Markets & Finance

U.S. Stocks Fall on Jobs Decrease


An unexpected drop in December U.S. nonfarm payrolls sparked concern that the economic recovery will falter

Jan. 8 (Bloomberg) -- U.S. stocks dropped, sending the Standard & Poor's 500 Index down from a 15-month high, after an unexpected decrease in jobs spurred concern the economic recovery will falter.

Boeing Co. (BA), Coca-Cola Co. (KO) and AT&T Inc. (T) declined at least 1% after the Labor Department said the nation lost 85,000 jobs in December, compared with the median economist forecast that called for no change. Goldman Sachs Group Inc. (GS), JPMorgan Chase & Co. (JPM) and Morgan Stanley (MS) slipped after Citigroup analysts reduced their fourth-quarter profit estimates, citing a "substantial decline" in trading.

The S&P 500 fell 0.1% to 1,140.91 at 12:30 p.m. in New York. The index had rallied 2.4% since Dec. 31, the best start to a year since 2006. The Dow Jones Industrial Average lost 22.15 points, or 0.2%, to 10,584.71.

"The market is anticipating a very strong recovery," said Tom Wirth, senior investment officer at Chemung Canal Trust Co., which manages about $1.7 billion in Elmira, New York. Today's report on jobs "would put into question whether the economy is going to grow over the next couple quarters."

The S&P 500 dropped for the first time in five days, trimming its weekly gain to 2.3%. Payrolls decreased last month after a revised November gain of 4,000, the Labor Department said. The jobless rate held at 10%.

Benchmark indexes trimmed losses after inventories at U.S. wholesalers unexpectedly jumped in November by the most in five years, a sign companies are picking up the pace of orders as sales climbed 3.3%, the biggest gain since January 2008.

Trading Slows

Goldman Sachs, the most profitable firm in Wall Street history, lost 1.2% to $175.56, while Morgan Stanley fell 1.9% to $32.30 and JPMorgan, the second-largest U.S. lender by assets, retreated 0.7% to $44.48. Citigroup analysts said trading in bonds, commodities and currencies slumped during the fourth quarter, hurting profit at U.S. banks.

Fixed-income, commodities and currencies trading in the fourth quarter declined substantially and "we are looking for industry fixed income trading to fall 15-20% in 2010," Citigroup analysts wrote in a report. "We expect 2011 revenues to also be under pressure due to the impact of regulatory reform."

Boeing, the second-biggest maker of commercial jetliners, fell 1.5% to $61.49, while Coca-Cola retreated 1.9% to $55.15 after JPMorgan cut its rating to "neutral" from "overweight." AT&T declined 1.3% to $26.94.

Analyst Downgrades

MetroPCS Communications Inc. (PCS) fell the most in the S&P 500 Index. The shares declined 6.8% to $7.01 after Soleil Securities downgraded the pay-as-you-go mobile-carrier to "sell" from "hold."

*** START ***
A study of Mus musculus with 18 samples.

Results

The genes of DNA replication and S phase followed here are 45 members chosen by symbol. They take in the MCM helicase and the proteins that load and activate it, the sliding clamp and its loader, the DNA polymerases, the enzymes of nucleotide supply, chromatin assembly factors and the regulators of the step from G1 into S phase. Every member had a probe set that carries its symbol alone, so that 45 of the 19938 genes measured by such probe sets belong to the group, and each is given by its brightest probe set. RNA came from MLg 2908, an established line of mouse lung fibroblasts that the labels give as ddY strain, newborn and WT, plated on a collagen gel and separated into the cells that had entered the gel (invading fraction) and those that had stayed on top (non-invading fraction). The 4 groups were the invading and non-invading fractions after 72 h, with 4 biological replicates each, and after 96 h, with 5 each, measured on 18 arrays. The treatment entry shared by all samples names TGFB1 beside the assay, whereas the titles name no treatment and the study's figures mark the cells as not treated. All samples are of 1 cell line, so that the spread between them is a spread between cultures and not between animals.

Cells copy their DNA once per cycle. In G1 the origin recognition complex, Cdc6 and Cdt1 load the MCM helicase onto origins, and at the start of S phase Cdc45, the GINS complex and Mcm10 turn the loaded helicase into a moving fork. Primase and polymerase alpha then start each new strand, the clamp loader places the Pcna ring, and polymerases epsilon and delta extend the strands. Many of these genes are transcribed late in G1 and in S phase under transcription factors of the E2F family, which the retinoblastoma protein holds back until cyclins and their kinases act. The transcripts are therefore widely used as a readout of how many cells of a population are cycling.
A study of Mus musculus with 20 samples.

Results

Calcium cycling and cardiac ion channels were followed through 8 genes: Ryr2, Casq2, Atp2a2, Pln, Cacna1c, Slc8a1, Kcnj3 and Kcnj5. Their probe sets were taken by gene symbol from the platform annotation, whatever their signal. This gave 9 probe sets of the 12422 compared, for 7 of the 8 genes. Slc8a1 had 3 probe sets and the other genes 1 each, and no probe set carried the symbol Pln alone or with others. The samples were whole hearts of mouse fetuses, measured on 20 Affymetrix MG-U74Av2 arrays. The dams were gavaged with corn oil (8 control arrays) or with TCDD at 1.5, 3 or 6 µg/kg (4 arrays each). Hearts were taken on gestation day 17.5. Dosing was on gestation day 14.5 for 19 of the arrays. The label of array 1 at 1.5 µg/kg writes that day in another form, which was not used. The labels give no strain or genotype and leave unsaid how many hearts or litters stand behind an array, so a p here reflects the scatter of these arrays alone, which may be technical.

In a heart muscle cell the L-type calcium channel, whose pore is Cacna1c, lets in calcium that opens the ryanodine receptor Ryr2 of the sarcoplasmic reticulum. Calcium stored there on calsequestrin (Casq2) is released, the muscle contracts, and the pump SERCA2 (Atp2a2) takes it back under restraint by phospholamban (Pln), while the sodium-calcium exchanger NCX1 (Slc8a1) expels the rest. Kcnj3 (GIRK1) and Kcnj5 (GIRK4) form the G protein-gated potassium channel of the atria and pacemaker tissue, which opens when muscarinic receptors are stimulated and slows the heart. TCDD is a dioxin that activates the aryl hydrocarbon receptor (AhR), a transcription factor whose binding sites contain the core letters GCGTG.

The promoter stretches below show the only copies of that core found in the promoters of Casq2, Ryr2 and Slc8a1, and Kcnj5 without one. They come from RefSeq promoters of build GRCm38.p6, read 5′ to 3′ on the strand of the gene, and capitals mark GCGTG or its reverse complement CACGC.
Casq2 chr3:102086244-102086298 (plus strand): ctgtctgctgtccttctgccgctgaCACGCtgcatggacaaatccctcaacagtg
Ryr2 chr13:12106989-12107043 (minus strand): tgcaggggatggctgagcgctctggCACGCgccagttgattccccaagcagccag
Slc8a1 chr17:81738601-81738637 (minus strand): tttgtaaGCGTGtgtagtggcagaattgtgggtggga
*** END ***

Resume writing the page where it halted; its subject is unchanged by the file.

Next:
JPMorgan cut Colgate-Palmolive Co. (CL) to "neutral" from "overweight." The world's largest toothpaste-maker fell 2.4% to $81.02.

United Parcel Services Inc. (UPS), the world's largest package- delivery company, surged after saying fourth-quarter earnings exceeded its forecast and the average of analysts' expectations. UPS also announced plans to cut 1,800 jobs, underscoring its efforts to defend market share in the U.S., its largest division. The shares rose 4.8% to $60.18, the most intraday since July.

U.S. equities climbed for a fourth day yesterday, sending the S&P 500 to a 15-month high, on easing concern over commercial real-estate losses and gains in holiday retail sales.

Valuations Climb

The S&P 500 rallied 23% last year, including a rebound of 65% from a 12-year low in March, after governments around the world enacted stimulus measures and the Federal Reserve left its benchmark interest rate near zero to end the recession.

The biggest annual rally in six years left the index trading at almost 25 times its companies' reported earnings from continuing operations, the highest level since 2002, according to Bloomberg data.

The combined profit of companies in the S&P 500 is expected to increase in the fourth quarter from the year-earlier period for the first time since the second quarter of 2007, ending a record nine straight periods of declines. Alcoa Inc. is slated to release results Jan. 11, the first company in the Dow average to report. The company's shares climbed 0.8% to $16.74.

S&P 500 profits increased 60% in the fourth quarter, according to analyst projections compiled by Bloomberg. The index's price-to-earnings ratio falls to less than 15 when compared with estimated profit for 2010, according to Bloomberg data.

To contact the reporter on this story: Whitney Kisling in New York at wkisling@bloomberg.net.